Compulsive spending and debting has become a major problem in our society since the invention of credit cards and debit cards. Many compulsive spenders go on shopping sprees but manage to pay their debts and live within their means. Others live well beyond their means and stay one step ahead of their creditors. In my book, Born To Spend I share the work I have done with addictive spenders some of whom have gone to prison for passing bad checks or embezzling money, plus many that have had to declare bankruptcy! You may be living next door to a shopaholic or have friends or family members who overspend.
If you are worried that the person you are in a relationship with has a spending problem, keep reading.
Q: What is the difference between compulsive spending and the kind of spending most of us do?
A: My definition of compulsion is: if you can’t control when you start or when you stop a substance or behavior, you have a problem. Most of us splurge occasionally, but compulsive spenders find the urge overpowering and frequent. Another common trait of “shopaholics” is that they buy things and never take the price tags off or wear them. Some people don’t even take their purchases out of the bag. It’s not about things. Spending is a way to medicate unhappiness, fear, anger and low self-esteem. It is an addiction the same as alcohol.
Q: What creates the urge to shop?
A: Conditioning, environmental triggers and beliefs. Overspending is not an automatic behavior. Believe it or not, many people learn to overspend. Someone close to them provides a role model of compulsive spending and shows the way. Many people go shopping when they are stressed or depressed. Once they find themselves in a setting like a mall that is filled with exciting temptations, it is very easy to give in. Some people don’t think of their plastic credit card as money. Like Scarlett O’Hara in “Gone With The Wind,” they tell themselves that they will worry about their debt tomorrow.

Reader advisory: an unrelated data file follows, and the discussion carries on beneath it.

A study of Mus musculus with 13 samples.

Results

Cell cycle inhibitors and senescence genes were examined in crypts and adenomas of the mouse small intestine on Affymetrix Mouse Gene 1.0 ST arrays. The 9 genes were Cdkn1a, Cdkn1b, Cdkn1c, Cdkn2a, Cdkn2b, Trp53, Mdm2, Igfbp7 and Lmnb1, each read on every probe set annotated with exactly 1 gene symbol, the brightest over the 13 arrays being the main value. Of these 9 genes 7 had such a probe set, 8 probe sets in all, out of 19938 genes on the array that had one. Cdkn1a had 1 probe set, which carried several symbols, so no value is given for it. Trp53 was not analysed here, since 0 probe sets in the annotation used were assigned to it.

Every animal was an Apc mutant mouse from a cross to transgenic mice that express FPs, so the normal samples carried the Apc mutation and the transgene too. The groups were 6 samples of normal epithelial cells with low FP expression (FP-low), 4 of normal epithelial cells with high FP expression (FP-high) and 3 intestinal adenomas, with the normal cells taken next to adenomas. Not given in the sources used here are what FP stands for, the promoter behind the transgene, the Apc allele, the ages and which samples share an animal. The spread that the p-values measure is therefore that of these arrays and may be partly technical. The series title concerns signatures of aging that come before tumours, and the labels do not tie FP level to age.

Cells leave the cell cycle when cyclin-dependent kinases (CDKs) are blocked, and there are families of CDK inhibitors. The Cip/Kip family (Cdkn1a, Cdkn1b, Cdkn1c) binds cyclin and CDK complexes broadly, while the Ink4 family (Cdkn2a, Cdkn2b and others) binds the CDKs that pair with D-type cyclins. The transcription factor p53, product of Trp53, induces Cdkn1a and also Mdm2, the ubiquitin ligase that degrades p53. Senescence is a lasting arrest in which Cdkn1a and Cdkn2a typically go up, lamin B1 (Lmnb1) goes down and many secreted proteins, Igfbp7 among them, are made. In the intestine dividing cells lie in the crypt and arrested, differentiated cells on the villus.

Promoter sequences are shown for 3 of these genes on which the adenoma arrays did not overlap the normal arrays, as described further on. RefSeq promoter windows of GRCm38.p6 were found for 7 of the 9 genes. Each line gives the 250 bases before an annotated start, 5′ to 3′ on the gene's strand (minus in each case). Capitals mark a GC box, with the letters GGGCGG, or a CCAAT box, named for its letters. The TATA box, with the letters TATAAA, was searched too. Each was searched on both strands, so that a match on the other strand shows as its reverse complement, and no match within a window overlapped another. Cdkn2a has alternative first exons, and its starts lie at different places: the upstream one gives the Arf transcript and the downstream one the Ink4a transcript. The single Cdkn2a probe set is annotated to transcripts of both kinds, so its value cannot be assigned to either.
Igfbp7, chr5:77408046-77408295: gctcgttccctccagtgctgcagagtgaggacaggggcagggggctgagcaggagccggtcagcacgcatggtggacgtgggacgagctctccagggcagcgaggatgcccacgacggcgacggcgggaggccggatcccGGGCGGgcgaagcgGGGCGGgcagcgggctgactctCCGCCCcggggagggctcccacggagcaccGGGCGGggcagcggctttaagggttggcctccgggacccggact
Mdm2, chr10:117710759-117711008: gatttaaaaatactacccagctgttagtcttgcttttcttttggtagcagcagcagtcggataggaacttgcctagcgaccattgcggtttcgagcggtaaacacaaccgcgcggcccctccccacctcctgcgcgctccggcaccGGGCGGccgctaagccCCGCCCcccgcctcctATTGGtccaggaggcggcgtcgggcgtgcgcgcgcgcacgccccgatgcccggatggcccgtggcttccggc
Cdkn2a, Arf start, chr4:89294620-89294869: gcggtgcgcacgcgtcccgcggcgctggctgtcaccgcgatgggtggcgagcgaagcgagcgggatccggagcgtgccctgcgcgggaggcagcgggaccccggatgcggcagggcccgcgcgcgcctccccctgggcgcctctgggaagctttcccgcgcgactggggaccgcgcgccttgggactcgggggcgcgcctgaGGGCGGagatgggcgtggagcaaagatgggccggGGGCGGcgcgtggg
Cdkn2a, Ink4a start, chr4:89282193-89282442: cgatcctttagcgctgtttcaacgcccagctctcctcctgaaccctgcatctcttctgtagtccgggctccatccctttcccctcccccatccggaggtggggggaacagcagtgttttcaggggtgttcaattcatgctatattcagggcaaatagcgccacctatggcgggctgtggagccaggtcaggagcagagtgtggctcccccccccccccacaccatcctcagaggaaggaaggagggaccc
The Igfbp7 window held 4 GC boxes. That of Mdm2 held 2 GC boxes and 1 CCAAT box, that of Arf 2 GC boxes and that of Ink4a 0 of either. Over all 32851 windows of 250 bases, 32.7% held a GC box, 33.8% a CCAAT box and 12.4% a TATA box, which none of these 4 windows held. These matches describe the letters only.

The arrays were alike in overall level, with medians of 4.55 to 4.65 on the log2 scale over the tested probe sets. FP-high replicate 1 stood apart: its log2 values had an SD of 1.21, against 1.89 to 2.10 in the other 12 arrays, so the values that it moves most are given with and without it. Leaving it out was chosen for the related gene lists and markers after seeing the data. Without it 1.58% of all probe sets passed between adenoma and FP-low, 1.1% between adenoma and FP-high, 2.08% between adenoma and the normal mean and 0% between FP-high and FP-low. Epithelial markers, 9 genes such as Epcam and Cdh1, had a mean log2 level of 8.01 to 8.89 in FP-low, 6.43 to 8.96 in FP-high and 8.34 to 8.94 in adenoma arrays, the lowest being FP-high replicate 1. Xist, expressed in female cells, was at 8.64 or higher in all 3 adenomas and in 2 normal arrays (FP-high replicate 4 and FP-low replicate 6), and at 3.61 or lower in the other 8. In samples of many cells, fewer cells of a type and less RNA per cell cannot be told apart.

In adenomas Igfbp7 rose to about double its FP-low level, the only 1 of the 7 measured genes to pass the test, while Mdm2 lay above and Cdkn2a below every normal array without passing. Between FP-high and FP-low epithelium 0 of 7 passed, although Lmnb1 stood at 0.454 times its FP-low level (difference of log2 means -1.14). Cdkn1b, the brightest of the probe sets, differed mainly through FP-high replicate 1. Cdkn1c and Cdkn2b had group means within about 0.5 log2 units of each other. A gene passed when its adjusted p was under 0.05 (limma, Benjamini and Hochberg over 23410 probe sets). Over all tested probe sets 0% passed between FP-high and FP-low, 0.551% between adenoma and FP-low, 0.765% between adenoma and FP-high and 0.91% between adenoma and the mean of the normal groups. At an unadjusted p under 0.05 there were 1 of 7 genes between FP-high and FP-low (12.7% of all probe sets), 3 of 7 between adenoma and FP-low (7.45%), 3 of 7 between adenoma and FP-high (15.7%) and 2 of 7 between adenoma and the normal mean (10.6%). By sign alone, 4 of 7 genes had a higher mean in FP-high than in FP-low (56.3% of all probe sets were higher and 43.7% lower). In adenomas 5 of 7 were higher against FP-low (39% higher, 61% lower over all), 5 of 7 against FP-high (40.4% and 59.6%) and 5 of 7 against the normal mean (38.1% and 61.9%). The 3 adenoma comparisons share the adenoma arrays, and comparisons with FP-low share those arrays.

Q: Who has this problem?
A: Compulsive spenders are all ages and from all economic levels. Although we joke about women shopping, men do too. Sometimes men buy more of the big toys like cars and boats, but men also overspend on clothing and tools. One of my clients was a student who had little money so she overspent at thrift stores. Many alcoholics and overeaters turn to spending as another way to soothe their emotional stress when they give up alcohol or sugar.
Q: What is the difference between compulsive spending and compulsive debting?
A: Compulsive spenders buy things to make themselves feel better, using pleasure to mask the pain of life. Although compulsive debtors appear to do the same thing, there is a hidden agenda to their spending. They are unaware that they spend in order to use up their money because they don’t think that they deserve success, wealth, or love.